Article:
Sunday, October 25, 2009

Argo Gold Mill

Last weekend Liz, Jen, and I went to Idaho Springs for a look at Colorado's mining history. Perched on the hillside above the town sits the Argo Gold Mill, a structure dedicated to breaking down gold bearing ores to extract the precious minerals inside.

Ironically, the first stop on the tour is the Double Eagle Gold Mine, a small hard rock mine that never really produced much of value. The mine is a great way to start the tour though, as it really gives you an idea of how the miners worked.

The real reason the mill was built in this area was the Argo Tunnel, originally called the Newhouse Tunnel after the man who built it. The Argo Tunnel is a 4 mile bore that goes under the mountain all the way to Central City. There are dozens of mines between Idaho Springs and Central City and most of them connect to the Argo Tunnel. The tunnel performed two vital functions. Firstly ground water was able to drain out of the mines through the tunnel and into Clear Creek in Idaho Springs, obviating the needs for expensive pumps. The tunnel also allowed the miners to drop their ore down instead of up, and move it via small mine trains to the central ore processing point of the gold mill.

In 1943 four miners working a load in a mine connected to the Argo tunnel set off a powder blast, and opened a passage to an adjacent mine that was NOT part of the unified network. This mine had been abandoned in the 1920's when it's pumps could no longer keep up with the influx of water in the deeper tunnels. The full mine's worth of water poured into their shaft, killing the miners and scouring the Argo Tunnel of its supports, tracks and equipment. In fact, an ore train was shot out of the tunnel and across the valley by the force of the waters.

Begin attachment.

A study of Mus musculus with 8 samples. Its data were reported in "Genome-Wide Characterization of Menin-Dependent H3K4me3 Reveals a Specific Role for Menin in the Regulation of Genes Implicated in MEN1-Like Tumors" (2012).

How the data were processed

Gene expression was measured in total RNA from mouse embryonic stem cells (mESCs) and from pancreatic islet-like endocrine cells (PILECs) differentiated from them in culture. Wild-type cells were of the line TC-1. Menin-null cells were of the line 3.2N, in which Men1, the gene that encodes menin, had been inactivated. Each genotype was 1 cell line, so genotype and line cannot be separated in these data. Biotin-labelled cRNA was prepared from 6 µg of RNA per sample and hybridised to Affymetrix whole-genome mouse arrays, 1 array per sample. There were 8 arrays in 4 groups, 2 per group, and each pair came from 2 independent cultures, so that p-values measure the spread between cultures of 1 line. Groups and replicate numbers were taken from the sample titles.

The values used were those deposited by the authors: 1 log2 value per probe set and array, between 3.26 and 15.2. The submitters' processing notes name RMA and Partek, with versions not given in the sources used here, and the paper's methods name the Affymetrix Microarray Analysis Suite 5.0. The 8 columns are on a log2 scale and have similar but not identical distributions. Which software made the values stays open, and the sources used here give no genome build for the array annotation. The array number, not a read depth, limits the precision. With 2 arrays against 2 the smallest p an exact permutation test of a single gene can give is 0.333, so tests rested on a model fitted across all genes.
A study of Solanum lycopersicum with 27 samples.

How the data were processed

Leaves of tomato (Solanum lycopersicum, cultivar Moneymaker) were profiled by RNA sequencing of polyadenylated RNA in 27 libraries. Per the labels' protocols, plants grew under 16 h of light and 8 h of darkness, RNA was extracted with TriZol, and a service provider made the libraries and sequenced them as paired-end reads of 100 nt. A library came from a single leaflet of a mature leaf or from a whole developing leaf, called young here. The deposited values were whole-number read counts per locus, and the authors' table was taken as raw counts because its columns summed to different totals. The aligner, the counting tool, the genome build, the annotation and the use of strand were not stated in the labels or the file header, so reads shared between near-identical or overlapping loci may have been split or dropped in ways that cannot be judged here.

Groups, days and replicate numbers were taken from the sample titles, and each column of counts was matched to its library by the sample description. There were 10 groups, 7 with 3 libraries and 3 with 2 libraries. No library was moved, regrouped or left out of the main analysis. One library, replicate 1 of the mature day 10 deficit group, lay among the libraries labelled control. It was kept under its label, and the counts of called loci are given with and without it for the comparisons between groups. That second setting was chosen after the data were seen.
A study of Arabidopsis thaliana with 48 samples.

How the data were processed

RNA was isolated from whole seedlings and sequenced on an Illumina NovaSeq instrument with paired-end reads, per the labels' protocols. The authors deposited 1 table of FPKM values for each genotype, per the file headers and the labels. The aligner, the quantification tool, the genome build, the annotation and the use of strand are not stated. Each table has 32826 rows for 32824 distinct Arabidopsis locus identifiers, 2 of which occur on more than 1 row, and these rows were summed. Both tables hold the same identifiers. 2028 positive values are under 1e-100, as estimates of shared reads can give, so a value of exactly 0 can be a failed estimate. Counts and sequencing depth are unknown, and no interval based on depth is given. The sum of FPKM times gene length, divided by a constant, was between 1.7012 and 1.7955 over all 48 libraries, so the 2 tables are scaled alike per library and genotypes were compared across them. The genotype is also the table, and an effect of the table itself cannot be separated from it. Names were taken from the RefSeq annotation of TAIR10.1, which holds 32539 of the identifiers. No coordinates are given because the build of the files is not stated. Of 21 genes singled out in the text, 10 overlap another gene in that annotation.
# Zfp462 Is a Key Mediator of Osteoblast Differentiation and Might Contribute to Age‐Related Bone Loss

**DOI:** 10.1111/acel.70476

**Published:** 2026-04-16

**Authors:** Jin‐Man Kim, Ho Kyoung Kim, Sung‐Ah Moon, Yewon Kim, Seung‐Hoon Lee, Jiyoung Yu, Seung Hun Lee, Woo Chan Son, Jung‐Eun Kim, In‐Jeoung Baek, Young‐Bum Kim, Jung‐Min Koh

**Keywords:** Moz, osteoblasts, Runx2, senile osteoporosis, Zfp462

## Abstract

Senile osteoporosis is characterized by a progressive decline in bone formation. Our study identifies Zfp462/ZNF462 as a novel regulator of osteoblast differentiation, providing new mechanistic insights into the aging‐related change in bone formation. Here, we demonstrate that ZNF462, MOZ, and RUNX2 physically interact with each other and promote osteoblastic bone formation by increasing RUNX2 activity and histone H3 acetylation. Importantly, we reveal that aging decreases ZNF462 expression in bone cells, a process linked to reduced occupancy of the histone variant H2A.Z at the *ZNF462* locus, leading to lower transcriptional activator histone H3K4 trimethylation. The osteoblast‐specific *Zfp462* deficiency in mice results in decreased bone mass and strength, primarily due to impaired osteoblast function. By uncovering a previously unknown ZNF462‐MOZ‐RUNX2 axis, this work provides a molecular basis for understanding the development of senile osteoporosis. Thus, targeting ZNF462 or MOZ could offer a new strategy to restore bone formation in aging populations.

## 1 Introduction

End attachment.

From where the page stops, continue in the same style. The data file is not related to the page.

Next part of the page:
This disaster, combined with the US government ordering all miners to work only on minerals necessary for the war effort signaled the end to the operations of the Argo Mill and tunnel. However, the tunnel still performs one of it's functions impeccably, draining water out of the mines above, though now that water is heavily polluted, and must be cleaned before it enters Clear Creek.

The Mill sat empty and abandoned until the 1970's when it was purchased, added to the National Historic Register, and opened to tourists. It's really fascinating to see this piece of Colorado's History up close, and though many of the large grinding machines are gone, you can still get an idea of the effort that went into extracting gold from the tons and tons of Rocky Mountain ore.

At the bottom of the mill there is a small museum, and part of the museum shows how certain minerals fluoresce under ultraviolet light. I took the opportunity to have some fun with long exposures and my zoom lens.

The final stop on the tour was a chance to do some gold panning. It was a little tricky at first, but once I got the hang of it I managed to find a few flecks of gold at the bottom of my pan! I was surprised and a little proud to see the glinting specks amid the mud and sand. We got to put our gold in small baggies to bring home, a fitting souvenir from our day in the Colorado Mineral Belt.